By ASHLEY HELMS
The industrial area in the Village of Mamaroneck may see what some say is a necessary makeover if certain plans fall into place.
Intended to outline how the village can utilize the area most effectively, village government has applied for a grant of up to $25,000 from the Hudson River Greenway to fund a complete study of the area. In addition, a citizens committee focusing on the industrial area’s specific needs would be formed to discuss possibilities for the downtown area once the study was funded.
The industrial area of the village is about one square mile in size and is bordered on the right by Fenimore Road towards the Metro North railroad bridge, up to the Interstate 95 overpass and around near the garbage dump. On the left, the industrial zone is bordered by Rockland Avenue, according to Mayor Norman Rosenblum, a Republican.
A proposal to allow Village Planner Bob Galvin to apply for the grant was approved unanimously by the Board of Trustees on Dec. 9.
Spearheaded by Trustee Ilissa Miller, a Democrat, the citizens committee would make suggestions to village government regarding what it feels would make the area more attractive and how to improve it. This could include merging vacant lots into one large lot for future business or residential development, possible rezoning of the industrial area to usher in a wider variety of development or the addition of new businesses.
If the grant is approved, the village would be required to match the $25,000 grant with funds budgeted for municipal neighborhood studies; bringing the project to a total of $50,000.
Miller said it is unlikely the village will receive the full $25,000 grant, if it receives anything at all, but the Board of Trustees could help the project move forward without it by forming the citizens committee in advance. The village is expected to know if it received the grant by June 2014.
“We can do the [citizens] group and make recommendations and look at it with Bob Galvin and then bring in experts. We can be smart about how we do it,” Miller said
The citizens committee would be an informal volunteer group made up of at least five members, most likely including industrial area residents and business owners along with village employees. So far, no one has been selected for the committee.
But at least one industrial zone business owner was concerned with what bringing in new businesses might mean for the area and his clientele.
Bobby Vizzari, who owns CrossFit gym, located at 345 Fayette Avenue, said that, due to the nature of his business, heavy weights are thrown around and patrols often run outside of the gym. If the village brings in different types of businesses in the area, Vizzari said he would be concerned that it would be hard for him to operate the gym. He needs a more industrial area that is accustomed to noise.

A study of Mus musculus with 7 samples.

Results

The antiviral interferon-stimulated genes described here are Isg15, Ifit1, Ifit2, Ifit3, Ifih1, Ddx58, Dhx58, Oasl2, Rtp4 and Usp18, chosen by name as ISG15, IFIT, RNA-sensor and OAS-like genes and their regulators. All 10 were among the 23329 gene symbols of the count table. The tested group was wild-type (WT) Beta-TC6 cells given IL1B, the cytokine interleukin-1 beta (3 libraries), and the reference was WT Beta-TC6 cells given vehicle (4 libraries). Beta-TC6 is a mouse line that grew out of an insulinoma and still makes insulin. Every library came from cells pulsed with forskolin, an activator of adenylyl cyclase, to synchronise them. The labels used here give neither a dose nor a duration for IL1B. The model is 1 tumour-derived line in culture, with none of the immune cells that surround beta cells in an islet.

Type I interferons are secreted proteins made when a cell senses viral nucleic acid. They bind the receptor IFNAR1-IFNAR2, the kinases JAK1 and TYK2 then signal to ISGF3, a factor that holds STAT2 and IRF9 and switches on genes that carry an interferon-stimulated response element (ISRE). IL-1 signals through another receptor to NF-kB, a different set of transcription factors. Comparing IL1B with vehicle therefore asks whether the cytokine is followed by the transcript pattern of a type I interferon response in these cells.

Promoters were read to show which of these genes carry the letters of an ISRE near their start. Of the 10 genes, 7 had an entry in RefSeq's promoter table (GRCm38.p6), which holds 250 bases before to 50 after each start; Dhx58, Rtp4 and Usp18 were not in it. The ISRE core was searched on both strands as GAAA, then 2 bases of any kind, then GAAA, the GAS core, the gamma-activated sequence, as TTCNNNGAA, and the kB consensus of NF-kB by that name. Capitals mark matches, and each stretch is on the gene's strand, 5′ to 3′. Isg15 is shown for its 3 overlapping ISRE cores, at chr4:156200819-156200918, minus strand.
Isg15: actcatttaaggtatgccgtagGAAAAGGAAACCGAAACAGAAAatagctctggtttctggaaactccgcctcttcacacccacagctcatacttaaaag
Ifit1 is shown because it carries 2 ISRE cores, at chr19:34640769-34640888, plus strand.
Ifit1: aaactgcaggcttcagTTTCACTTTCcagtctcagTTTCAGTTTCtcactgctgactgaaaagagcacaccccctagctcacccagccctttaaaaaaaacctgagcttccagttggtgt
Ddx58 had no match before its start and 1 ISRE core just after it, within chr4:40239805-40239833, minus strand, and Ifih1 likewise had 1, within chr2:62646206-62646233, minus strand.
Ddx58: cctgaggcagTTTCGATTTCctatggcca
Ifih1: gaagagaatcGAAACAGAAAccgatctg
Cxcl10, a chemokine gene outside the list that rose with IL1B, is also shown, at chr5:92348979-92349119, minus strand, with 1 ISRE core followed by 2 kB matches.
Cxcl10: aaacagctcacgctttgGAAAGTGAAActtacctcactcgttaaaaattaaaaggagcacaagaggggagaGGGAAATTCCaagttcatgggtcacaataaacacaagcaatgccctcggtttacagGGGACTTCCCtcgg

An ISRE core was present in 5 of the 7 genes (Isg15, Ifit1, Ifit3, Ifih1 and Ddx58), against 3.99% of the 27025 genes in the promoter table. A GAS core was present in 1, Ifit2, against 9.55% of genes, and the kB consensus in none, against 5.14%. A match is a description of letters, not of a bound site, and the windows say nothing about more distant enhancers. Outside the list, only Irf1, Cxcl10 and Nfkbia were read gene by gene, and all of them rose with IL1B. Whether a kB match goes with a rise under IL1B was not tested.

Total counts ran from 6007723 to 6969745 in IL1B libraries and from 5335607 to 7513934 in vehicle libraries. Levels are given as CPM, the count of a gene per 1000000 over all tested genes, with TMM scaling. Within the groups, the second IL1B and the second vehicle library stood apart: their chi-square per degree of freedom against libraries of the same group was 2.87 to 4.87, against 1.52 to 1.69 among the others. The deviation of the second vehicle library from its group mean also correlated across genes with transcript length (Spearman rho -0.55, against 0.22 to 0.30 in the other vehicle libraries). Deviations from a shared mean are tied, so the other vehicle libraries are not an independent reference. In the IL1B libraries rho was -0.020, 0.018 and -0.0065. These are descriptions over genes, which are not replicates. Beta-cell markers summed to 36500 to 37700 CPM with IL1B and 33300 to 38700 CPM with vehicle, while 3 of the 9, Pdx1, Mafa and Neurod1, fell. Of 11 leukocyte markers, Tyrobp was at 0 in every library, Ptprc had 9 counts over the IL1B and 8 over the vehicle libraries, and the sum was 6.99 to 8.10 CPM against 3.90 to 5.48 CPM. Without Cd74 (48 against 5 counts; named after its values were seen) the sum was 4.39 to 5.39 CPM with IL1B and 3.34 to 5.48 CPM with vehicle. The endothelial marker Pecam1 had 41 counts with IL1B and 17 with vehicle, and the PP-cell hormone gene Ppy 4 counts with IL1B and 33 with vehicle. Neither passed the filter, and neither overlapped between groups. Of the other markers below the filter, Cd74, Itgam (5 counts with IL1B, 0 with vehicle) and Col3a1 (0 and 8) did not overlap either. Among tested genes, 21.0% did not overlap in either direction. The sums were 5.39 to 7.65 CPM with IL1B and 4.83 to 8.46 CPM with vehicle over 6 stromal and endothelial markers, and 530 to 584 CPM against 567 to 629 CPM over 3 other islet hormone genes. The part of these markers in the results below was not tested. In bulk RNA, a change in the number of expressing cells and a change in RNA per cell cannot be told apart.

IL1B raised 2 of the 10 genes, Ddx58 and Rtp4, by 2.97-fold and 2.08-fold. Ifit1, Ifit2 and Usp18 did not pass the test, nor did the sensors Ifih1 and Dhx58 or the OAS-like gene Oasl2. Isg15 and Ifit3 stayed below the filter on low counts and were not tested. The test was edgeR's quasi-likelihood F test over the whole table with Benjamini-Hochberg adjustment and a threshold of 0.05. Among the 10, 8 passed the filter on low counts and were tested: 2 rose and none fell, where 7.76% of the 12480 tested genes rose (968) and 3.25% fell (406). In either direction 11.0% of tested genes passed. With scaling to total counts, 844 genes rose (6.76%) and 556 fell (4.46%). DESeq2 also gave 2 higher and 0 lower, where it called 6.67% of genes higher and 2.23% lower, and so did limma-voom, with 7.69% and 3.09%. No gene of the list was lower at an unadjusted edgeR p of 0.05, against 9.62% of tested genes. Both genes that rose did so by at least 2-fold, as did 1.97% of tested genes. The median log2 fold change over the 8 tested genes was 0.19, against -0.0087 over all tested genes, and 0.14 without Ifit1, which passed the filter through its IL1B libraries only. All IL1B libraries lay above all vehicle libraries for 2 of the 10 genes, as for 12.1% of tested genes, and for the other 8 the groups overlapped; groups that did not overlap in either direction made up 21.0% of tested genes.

“If it was more of a store front I don’t know how it would appeal to my clients,” Vizzari said. “My uncle owns a heating and cooling store next door. Where would the businesses then go that need this type of space?”
If plans progress, the study will be similar to the transit-oriented development study conducted in the area surrounding the Mamaroneck Metro-North train station, Miller said. The TOD study was used to determine how best to develop the area within a walkable distance from the train station.
Located in a notoriously flood-prone area, the village’s industrial zone has suffered immense damage during the floods of 2007 and Hurricane Sandy last year. Some properties remain vacant after damage sustained during those events. Numerous auto mechanic shops along with some residential units and other business make up the industrial area.
In the floods of 2007, the village was covered by 8 inches of rain and more than 85 homes near the Mamaroneck River were evacuated. Hillary Clinton, a Democratic state senator at the time of the flood, arrived on the scene in order to relay to President George W. Bush the need for federal storm recovery aid in the area. Damage and loss of inventory in the industrial area reached over $1 million, according to Village Manager Richard Slingerland.
Despite being within a flood danger zone, Trustee Andres Bermudez Hallstrom, a Democrat, said the threat of flood damage doesn’t have to be a deterrent from opening up a business or owning property in the industrial area.
“A storage place is applying to build in the area,” Bermudez Hallstrom said. “[Flooding] disrupts your business, but it doesn’t have to ruin it.”
Bermudez Hallstrom said the Board of Trustees will most likely wait on the results of the grant application before moving forward with forming an industrial zone citizens committee so the group will have a scope of what its limitations are, what the village can afford and what it is looking for in terms of redevelopment in the area.
After village government receives word on the grant and outlines how much the study will cost, a request for proposal will most likely be submitted in order to find a company to conduct the industrial area study, according to Miller.
Though she is disappointed the village will have to wait until June before it can really start to bring the study together, Miller said she is happy that village government is supportive of the study.
“We’re happy that everyone on the board and the manager’s office is serious about taking a look at what we can do down there in the village,” Miller said. “It’s promising that everyone is on the same page.”